What I did when I realized I was losing 50% – 70% of revenue with my 3D printing business and how I can help you
What do you do when you realize you’re underselling your services? That’s what happened to me early on in my career when I was running a 3D printing shop. It was a tremendous learning experience that led me to create a tool you can use to ensure it never happens to you.
During my first few years running one of my 3D printing service bureaus, my team and I received a request from a large company to manufacture 1,200 toys, each with a dozen parts. By far, it was one of the biggest orders we had ever received.
At the time, we were charging $0.90 per cubic centimeter printing in PLA. That’s how we quoted the company, and we won the job.
Fast forward to the project’s completion. After it was all said and done, we realized that, considering how large the job was, we should have priced 50% to 70% more than what we originally quoted. We lost out on a significant amount of money, and here’s how we came to that realization.
What we didn’t account for when pricing out the job
At the time we were using small desktop 3D printers and an SLS machine, and we bought the material in bulk which took a significant amount of set-up time that we didn’t account for.
Too often, we think of 3D printing as an automated process, and that’s not true at all. There’s still the manual time it takes to prep, slice, validate, think through how you need to plate up the part and pull it off the machine. None of that was taken into account when pricing for this project. It was a tremendous lesson for us to learn: never underestimate the human work and time that goes into running a 3D print job.
In addition to the human element, another aspect we overlooked was the cost of the software needed to properly execute the job. We were using a 3D file prep software to properly prepare files for the dozens of parts. We didn’t properly charge for that additional service, which was a mistake.
The solution I created for my problem
Losing out on that much profit made me realize that I needed to reevaluate not just the quoting process, but also how to account for the project workflow from start to finish. Ultimately, I started a company to help solve my problem.
That company is called MakerOS. We provide product development companies software to handle the specific needs and demands of an inbound 3D printing, fabrication, or design project from start to finish. In the process of creating our company, we spoke with dozens of 3D printing businesses on how they priced and created a formula that we’ve tested, iterated, and tweaked. Finally, years of hard work and dedication culminated in our latest tool, our a 3D printing pricing calculator.
The calculator accounts for various inputs including rent, human time, machine time, and more, to give a real baseline number for how much a business should price and, more importantly, how much they should profit from their hard work.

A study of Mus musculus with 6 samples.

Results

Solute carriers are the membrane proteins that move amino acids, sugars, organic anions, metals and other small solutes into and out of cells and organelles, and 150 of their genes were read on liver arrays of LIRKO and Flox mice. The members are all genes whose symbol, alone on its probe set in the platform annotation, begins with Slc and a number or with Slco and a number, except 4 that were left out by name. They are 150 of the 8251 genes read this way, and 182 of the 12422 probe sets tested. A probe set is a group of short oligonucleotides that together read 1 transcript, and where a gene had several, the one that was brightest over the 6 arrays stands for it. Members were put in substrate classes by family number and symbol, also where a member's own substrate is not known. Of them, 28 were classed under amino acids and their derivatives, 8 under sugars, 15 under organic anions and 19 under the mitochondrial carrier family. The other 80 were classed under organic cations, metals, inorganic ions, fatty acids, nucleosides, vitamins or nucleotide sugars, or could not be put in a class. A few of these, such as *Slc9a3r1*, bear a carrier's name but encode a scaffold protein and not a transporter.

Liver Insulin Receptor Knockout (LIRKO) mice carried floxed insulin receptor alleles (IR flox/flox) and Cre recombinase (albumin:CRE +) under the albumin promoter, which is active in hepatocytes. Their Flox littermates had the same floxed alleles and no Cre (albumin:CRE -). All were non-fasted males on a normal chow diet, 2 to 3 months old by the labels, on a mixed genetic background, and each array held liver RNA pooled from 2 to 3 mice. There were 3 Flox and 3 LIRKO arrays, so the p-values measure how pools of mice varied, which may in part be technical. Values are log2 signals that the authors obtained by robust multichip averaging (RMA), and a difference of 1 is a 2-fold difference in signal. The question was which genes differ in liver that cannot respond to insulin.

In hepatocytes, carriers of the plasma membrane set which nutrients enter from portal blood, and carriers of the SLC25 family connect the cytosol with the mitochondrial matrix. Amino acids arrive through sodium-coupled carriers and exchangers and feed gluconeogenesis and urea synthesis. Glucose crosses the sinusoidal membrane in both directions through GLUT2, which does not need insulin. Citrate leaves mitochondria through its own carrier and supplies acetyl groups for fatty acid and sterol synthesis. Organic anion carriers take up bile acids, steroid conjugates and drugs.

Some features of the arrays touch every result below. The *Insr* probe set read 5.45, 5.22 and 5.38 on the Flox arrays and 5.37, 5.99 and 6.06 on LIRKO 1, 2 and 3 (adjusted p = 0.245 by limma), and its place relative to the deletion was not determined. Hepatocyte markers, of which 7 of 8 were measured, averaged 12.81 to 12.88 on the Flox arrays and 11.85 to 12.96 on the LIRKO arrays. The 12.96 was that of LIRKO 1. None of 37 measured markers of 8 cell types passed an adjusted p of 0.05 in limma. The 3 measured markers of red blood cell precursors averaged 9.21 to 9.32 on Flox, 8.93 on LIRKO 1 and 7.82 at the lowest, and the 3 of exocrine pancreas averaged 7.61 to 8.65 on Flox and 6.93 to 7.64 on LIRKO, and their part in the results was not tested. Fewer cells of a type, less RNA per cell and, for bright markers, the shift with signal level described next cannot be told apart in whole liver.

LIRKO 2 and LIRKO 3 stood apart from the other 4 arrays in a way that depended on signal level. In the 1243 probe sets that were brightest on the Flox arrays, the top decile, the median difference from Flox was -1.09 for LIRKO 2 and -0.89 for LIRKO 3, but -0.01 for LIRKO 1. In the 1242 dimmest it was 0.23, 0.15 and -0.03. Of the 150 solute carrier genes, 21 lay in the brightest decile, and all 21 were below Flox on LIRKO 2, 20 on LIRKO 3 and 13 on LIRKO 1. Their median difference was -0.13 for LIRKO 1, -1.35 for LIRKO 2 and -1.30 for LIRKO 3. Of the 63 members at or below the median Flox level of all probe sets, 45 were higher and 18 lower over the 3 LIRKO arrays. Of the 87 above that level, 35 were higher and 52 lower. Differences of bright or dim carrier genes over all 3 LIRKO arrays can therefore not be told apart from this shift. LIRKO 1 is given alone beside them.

We’ve shown this to a handful of our current clients and have received very positive feedback. Many have expressed it’s something they wish they had when they first started their 3D printing business. In the back of my head, I’m thinking, “Me too – I wish I had this years ago!”
How my insights can help your 3D printing business
The 3D printing pricing calculator is just one of our tools that activates more profits and revenue for 3D printing businesses.
When thinking about how to optimize margins, the biggest factors include time and human costs. If you can cut down the time it takes your team to manage a project from start to finish – if you can reduce the time it takes to get from your client saying “I want this thing” to actually fabricating it to giving them the thing – your margins will increase.
MakerOS manages the client intake, the quoting and pricing, the project management, and the full delivery of the project, while all of that is communicated with the client during the entire development cycle of a project.
We’ve installed MakerOS with many different 3D fabrication shops all around the U.S, and from their feedback and talking to them about how they price projects, we’ve learned a tremendous amount of insight. We’ve got a really good top-down view of how the industry is not only pricing but how they’re being consultative with their clients and how profitable their businesses can be.
If you’re looking to ensure you’re not losing out on profits and how to better your 3D printing business, contact us to get started. We’ll walk you through everything. Your first 30 days with the MakerOS software is free.
About Mike Moceri
Mike has deep experience in manufacturing, design, and software. He’s personally quoted thousands of projects, produced hundreds of thousands of individual parts, and continually works with professional services around the world that offer Additive Manufacturing at MakerOS. In 2013, he co-founded the world’s first 3D printing retail service bureau in Chicago and survived a 3D printing bubble. In 2014 he founded Manulith, a 3D printing, and product design agency, where his clientele included Fortune 500 companies within the aerospace, automotive, and medical industries. Mike is also a mentor at Stanley+Techstars Additive Manufacturing Accelerator, a mentor at WeWork Labs in NYC, and formerly a mentor at TechTown Detroit. He’s previously been featured on MSN, Make Magazine, NBC, and the Encyclopedia Britannica. D-Business Magazine called him the “Face of 3D printing.”